From the wealthy’s huge carbon footprint to the ‘shocking imbalance’ in the distribution of coronavirus vaccines

A new report published by the Cambridge Sustainability Commission on Scaling Behaviour Change says the world’s wealthy must radically change their lifestyles to tackle climate change with the world’s wealthiest 5% responsible for 37% of emissions growth between 1990 and 2015 and the wealthiest 1% producing double the combined carbon emissions of the poorest 50%.

Related: Oil firm bosses’ pay ‘incentivises them to undermine climate action’


Climate experts and leaders from across the globe say British prime minster Boris Johnson needs to urgently take control of the UK’s presidency of vital UN climate talks, with several recent policy decisions, including the UK’s cuts to its aid budget and the approval of a new coalmine, threatening to undermine the talks before they even begin.

Related: Climate crisis: Boris Johnson ‘too cosy’ with vested interests to take serious action


Business leaders from more than 300 businesses, including Google, McDonalds and Walmart, have signed an open letter calling on US president Joe Biden to nearly double the United States’ target for cuts to carbon emissions ahead of the administration’s global summit on climate change on April 22nd.

Related: What a fair climate target looks like for the US, the largest historical carbon emitter


World Health Organisation (WHO) Director General Tedros Adhanom Ghebreyesus has criticised the ‘shocking imbalance’ in the distribution of coronavirus vaccines between rich and poor countries as he noted almost one in four people have received a Covid-19 vaccine on average in high-income countries compared to an average of one in more than 500 In low-income countries.

Related: Gordon Brown calls for G7 to act on Covid vaccine ‘apartheid’


Millions of healthcare workers throughout sub-Saharan Africa have still not received a single dose of COVID-19 vaccine with authorities across the continent struggling to obtain and distribute vaccines  as many Western countries enter the stage where they can offer vaccinations to the general population.

Related: In COVID-19 vaccine race, rollouts are sometimes an afterthought


The African Union (AU) has a new ‘Partnership for African Vaccine Manufacturing’ to increase the continent’s capacity to manufacture vaccines and bolster Africa’s health security.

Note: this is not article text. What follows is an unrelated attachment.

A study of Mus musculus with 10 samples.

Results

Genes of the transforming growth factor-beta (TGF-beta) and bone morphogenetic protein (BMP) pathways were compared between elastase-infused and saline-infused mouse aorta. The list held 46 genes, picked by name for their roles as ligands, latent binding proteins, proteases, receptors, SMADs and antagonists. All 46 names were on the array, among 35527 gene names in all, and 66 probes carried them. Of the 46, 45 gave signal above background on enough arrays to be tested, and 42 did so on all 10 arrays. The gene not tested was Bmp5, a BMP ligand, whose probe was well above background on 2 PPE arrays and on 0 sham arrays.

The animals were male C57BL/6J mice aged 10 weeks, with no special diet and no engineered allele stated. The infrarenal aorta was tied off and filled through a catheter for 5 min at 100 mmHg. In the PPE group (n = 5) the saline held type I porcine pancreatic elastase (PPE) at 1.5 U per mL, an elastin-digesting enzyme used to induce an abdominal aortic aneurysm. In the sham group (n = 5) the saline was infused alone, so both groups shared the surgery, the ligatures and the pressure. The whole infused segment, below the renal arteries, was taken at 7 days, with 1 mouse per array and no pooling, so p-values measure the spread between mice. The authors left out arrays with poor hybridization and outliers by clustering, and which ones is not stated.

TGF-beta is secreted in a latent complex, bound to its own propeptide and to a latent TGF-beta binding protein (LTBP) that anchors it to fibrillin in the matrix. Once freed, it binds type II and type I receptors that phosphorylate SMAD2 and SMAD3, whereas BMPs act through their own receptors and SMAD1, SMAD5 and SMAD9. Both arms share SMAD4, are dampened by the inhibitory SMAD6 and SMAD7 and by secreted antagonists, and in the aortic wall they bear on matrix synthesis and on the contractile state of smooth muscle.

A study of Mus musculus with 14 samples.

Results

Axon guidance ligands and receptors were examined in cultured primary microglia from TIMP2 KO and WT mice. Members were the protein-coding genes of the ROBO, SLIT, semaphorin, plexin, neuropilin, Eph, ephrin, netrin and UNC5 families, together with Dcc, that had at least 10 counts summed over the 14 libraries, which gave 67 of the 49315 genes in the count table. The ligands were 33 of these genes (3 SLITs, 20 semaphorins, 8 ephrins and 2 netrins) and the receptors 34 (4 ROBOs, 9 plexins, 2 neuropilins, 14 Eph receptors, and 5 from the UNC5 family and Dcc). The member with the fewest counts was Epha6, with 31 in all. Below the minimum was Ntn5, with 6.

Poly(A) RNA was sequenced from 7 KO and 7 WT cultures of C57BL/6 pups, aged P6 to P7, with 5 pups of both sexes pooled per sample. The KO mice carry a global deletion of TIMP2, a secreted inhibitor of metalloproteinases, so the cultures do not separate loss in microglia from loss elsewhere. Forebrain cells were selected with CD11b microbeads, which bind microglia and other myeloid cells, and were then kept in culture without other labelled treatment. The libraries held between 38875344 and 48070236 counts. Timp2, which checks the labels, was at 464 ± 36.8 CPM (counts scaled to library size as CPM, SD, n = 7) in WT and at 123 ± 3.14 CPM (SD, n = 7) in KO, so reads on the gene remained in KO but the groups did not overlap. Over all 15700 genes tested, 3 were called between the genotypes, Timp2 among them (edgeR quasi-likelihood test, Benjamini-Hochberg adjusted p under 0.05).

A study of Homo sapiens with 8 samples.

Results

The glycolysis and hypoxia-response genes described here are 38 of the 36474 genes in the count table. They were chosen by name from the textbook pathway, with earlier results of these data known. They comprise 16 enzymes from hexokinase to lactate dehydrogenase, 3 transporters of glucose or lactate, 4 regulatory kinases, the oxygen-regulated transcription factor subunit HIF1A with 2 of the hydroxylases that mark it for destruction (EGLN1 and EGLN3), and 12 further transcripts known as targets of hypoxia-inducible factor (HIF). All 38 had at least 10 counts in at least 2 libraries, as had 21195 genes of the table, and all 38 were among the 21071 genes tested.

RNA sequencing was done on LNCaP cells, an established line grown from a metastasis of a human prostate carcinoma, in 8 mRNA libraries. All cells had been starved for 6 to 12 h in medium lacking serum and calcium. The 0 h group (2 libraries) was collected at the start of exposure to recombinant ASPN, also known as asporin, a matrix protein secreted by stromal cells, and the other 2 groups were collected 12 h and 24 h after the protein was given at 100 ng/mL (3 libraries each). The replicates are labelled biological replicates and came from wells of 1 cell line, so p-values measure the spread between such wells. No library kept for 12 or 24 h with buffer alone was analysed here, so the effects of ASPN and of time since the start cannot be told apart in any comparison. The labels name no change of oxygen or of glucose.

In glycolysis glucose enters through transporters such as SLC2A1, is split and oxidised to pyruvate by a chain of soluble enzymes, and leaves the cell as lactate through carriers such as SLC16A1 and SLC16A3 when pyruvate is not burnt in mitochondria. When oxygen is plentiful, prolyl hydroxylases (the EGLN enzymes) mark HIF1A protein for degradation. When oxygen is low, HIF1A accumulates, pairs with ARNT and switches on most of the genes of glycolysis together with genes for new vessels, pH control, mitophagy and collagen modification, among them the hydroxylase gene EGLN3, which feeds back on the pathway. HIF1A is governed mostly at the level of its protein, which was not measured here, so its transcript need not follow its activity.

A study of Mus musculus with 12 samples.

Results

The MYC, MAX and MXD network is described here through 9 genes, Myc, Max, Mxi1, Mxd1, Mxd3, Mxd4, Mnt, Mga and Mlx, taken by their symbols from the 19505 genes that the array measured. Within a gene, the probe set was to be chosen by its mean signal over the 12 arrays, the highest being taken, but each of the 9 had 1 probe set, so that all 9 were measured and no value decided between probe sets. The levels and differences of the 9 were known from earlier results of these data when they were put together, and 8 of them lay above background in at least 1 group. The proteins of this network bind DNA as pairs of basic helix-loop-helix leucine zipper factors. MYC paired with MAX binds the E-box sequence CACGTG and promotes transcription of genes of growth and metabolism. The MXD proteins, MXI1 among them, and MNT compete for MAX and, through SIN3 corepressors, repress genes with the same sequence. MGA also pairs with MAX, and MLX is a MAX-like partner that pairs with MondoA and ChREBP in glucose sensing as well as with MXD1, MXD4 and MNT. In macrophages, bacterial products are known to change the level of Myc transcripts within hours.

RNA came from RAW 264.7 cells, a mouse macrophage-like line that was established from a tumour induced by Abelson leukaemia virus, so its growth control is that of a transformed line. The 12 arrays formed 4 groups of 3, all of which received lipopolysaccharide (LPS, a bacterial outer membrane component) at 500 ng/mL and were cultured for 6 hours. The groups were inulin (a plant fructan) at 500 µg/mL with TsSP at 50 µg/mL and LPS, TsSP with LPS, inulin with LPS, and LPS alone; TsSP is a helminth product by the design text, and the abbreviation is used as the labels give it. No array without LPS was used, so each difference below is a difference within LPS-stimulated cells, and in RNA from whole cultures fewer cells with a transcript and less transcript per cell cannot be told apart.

Related: COVAX Facility seeks an additional $2B for COVID-19 vaccines


Debt campaigners say last week’s G20 meeting was a ‘missed opportunity’ for world leaders to take meaningful action on debt relief, with many critical of the prioritisation of temporary measures, like the G20’s Debt Service Suspension Initiative, over more permanent solutions like debt cancellation.

Related: Who is winning World Bank contracts? A breakdown of trends from 2017-2020


The International Food Policy Research Institute (IFPRI)’s 2021 Global Food Policy Report says lessons learned during the COVID-19 pandemic can help create opportunities for much-needed food systems reform.

Related: More kids fed when school meals are national budget item, report finds


A new study published by the Rwanda Biomedical Centre warns resistance to malaria drugs in Africa may be starting to take hold with researchers reporting that giving a child a course of artemisinin compound drugs does not always clear the malaria parasites from their blood in three days as it should.

Related: Q&A: ‘Global health funding is far from being decolonized,’ says Ngozi Erondu


Dr Alvaro Bermejo, director general of the International Planned Parenthood Federation (IPPF), has accused the British government of ‘abandoning’ women and girls it promised to help as the UK prepares to implement massive cuts to its aid budget.

Related: DRC aid agencies appeal to UK Foreign Office to suspend ‘disastrous’ cuts


The UN has given the Kenyan government ‘sustainable and rights-based’ proposals for the closure of Dadaab and Kakuma refugee camps after Kenya issued a 14-day ultimatum to the UN high commissioner for refugees (UNHCR) to provide a plan for closing the two camps providing facilities and accommodation to roughly  430,000 refugees from more than 15 countries.

Related: The battle for the future of OCHA, explained


US President Joe Biden has proposed a USD $6.8 billion increase in the US’s international affairs spending for fiscal year 2022, a 12% increase from 2021.